OPINION | Post 2014 - Afghanistan : What does it hold for Central Asia? by Ratul Chowdhury
IndraStra Global

OPINION | Post 2014 - Afghanistan : What does it hold for Central Asia? by Ratul Chowdhury

By Ratul Chowdhury

Over the past few years since 2011, Obama Administration has been harping on plans to draw down troops from Afghanistan with the completion of the active military stage of anti-terrorist operation there which is to finally take place the next year - 2014. The year seems to be an absolute watershed in the history of the US-Afghanistan relations vis-à-vis Central Asia.

Post 2014 Afghanistan poses a number of difficulties for the neighbouring Central Asian states for a plethora of reasons and these states are likely to see a repetition of the past which was marked by security breaches, rampant drug smuggling, spread of religious extremism and so on. Apart from this immediate concerns, the most important challenge which the Central Asian states are going to face when US troops retreat from Afghanistan is the intervention of extra-regional major powers viz, USA, EU, Russia and China; each having their own interest and stakes in the region which are to have great ramifications for the days to come. Thus, the world would observe the “New Great Game” that has already begun with the US, EU on one hand and Russia, China on the other while the Central Asian states and their Shanghai Cooperation Organisation (SCO) and Afghanistan would be the ones dilly-dallying over whose stand to take.

Source : Ministry of Defence, United Kingdom

Post 2014 Afghanistan seems to bear more difficulties for Central Asia than any other region due to the sheer geographical proximity of the lands. The Central Asian region has been the chessboard for the major powers post disintegration of USSR and 9/11 after which US and other powers understood the significance of the area not only in terms of economy or energy resources but also with regard to the security structure and political implications. Very few regions in the world had such a profound and long lasting impact of 9/11 events as the Central Asian region. The anti-terrorist operation led by the USA against the Taliban regime and Al-Qaeda networks surrounding Afghanistan influenced this area greatly.

However, keeping all that as past, when the US troops retreats completely, great speculations amongst IR scholars have started regarding its effect on the Central Asian region. There are huge scopes of security deficit with chances that the state might fall under Talibans once again or simple break up owing to instability and poor governance. States like Uzbekistan, Tajikistan, and Turkmenistan are likely to be affected by such inadequacy of state capacity and military capacity where there would be chances of the Taliban infiltrating in these territories and spark off the dormant regional tensions. Besides, there will also be challenges of tackling drug trafficking as almost 65% of narcotic raw materials are smuggled to Europe through the Caspian Sea area which would be a safe route for the Afghani dealers. Cross border terrorism is also likely to increase along with the spread of Islamic fundamentalism. Thus, the effects would be catastrophic for the Central Asian states unleashing a future of insecurity and threat which would be accentuated by great power rivalry over strategic issues and energy security.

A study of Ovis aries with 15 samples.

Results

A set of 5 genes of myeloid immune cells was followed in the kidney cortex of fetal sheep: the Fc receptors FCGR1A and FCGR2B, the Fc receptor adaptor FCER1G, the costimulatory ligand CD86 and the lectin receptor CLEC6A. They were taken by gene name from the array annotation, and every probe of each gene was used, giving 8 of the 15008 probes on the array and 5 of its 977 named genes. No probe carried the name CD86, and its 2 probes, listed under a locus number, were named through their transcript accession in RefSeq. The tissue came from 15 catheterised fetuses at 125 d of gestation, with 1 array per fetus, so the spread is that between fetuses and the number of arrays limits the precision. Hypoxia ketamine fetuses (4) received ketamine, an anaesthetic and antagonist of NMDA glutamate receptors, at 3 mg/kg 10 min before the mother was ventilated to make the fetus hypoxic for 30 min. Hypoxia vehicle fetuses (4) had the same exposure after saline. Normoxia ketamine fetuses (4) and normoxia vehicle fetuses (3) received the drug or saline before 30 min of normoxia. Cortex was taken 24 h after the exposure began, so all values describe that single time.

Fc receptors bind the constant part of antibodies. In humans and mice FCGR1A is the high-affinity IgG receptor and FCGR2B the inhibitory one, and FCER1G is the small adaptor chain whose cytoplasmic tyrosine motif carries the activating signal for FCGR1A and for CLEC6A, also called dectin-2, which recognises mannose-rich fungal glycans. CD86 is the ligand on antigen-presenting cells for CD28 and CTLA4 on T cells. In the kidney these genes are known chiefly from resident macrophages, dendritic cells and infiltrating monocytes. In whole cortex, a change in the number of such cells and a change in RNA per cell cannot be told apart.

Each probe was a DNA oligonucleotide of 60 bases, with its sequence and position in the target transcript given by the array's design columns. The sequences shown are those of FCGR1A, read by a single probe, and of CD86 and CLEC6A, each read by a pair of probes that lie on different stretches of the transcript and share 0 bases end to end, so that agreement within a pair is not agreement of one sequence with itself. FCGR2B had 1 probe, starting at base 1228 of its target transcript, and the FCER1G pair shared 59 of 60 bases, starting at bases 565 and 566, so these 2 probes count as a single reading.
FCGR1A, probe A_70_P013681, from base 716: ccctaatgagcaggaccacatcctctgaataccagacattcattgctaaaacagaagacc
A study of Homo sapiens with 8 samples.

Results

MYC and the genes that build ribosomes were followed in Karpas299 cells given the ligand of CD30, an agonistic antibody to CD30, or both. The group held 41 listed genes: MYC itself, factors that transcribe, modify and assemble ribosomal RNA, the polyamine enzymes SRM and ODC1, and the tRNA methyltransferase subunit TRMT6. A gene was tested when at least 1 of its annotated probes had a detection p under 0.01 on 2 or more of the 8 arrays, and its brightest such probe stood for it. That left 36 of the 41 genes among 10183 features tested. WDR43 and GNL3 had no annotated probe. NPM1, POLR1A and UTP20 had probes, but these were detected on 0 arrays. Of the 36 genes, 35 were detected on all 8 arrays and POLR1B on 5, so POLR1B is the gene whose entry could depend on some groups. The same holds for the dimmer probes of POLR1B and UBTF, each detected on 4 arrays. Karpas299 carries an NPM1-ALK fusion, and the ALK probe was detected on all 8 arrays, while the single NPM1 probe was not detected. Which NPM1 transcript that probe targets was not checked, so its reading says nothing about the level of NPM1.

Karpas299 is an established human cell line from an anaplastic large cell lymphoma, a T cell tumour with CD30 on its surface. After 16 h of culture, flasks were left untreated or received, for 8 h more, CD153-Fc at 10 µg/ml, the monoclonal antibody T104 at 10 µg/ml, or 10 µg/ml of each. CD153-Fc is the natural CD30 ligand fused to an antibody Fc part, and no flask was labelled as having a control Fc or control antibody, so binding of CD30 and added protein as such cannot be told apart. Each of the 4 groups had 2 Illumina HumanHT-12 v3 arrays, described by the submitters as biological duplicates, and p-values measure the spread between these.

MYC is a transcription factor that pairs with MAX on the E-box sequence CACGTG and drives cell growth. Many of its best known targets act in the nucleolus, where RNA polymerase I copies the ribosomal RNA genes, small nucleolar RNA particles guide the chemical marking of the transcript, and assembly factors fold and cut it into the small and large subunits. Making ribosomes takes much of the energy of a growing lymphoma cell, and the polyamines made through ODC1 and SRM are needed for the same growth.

Design by Farwa Rizwan / Al Arabiya English

The removal of US forces from Afghanistan would create not only a power vacuum in the state but also in the neighbouring Central Asian region with the interventions of major powers for the economic and strategic self-interest.

It is well known that Central Asia has already become the centre of attention for the major powers for its energy resources where US, China, Russia, EU – all wishes to gain a firm foothold. Therefore, in the XXI century ‘Global Energy Wars’, Central Asia is steadily emerging as a prominent front. On one hand, through the Partnership for Peace programme NATO is trying to coax the SCO states for robust economic-security ties so that the US - European markets receive steady energy supplies, on the other hand Russia and China are in no mood to give away their claims over these resources and are constantly trying to woo the SCO members towards them claiming regional sentiments and common ties. 

Strategically, Central Asia located in the southern rim of Russia and northern border of China is of great importance to both the states and of course to US. While the formers are on a mission to check US influence in the area due to the historical occupation argument (Russia) or sheer national political-economic interest, the latter is trying to gain support from Uzbekistan, Kazakhstan and the likes in the region through monetary and military assistance to make its presence felt so that the SCO members do not fall prey to the formers and completely disowns the West. Thus, the New Great Game has two vital cognates in the form of economy and security which is going to played in the region surrounding Afghanistan and how.

The democracy –promoting West may try to usher in some Arab Spring winds in the Silk Road way, but there is no guarantee who the future regimes are going to owe its allegiance to! But one thing is for sure that the Central Asian region is going to be marred by intra and inter-regional conflicts in the coming future over myriads of issues origination from and around Afghanistan.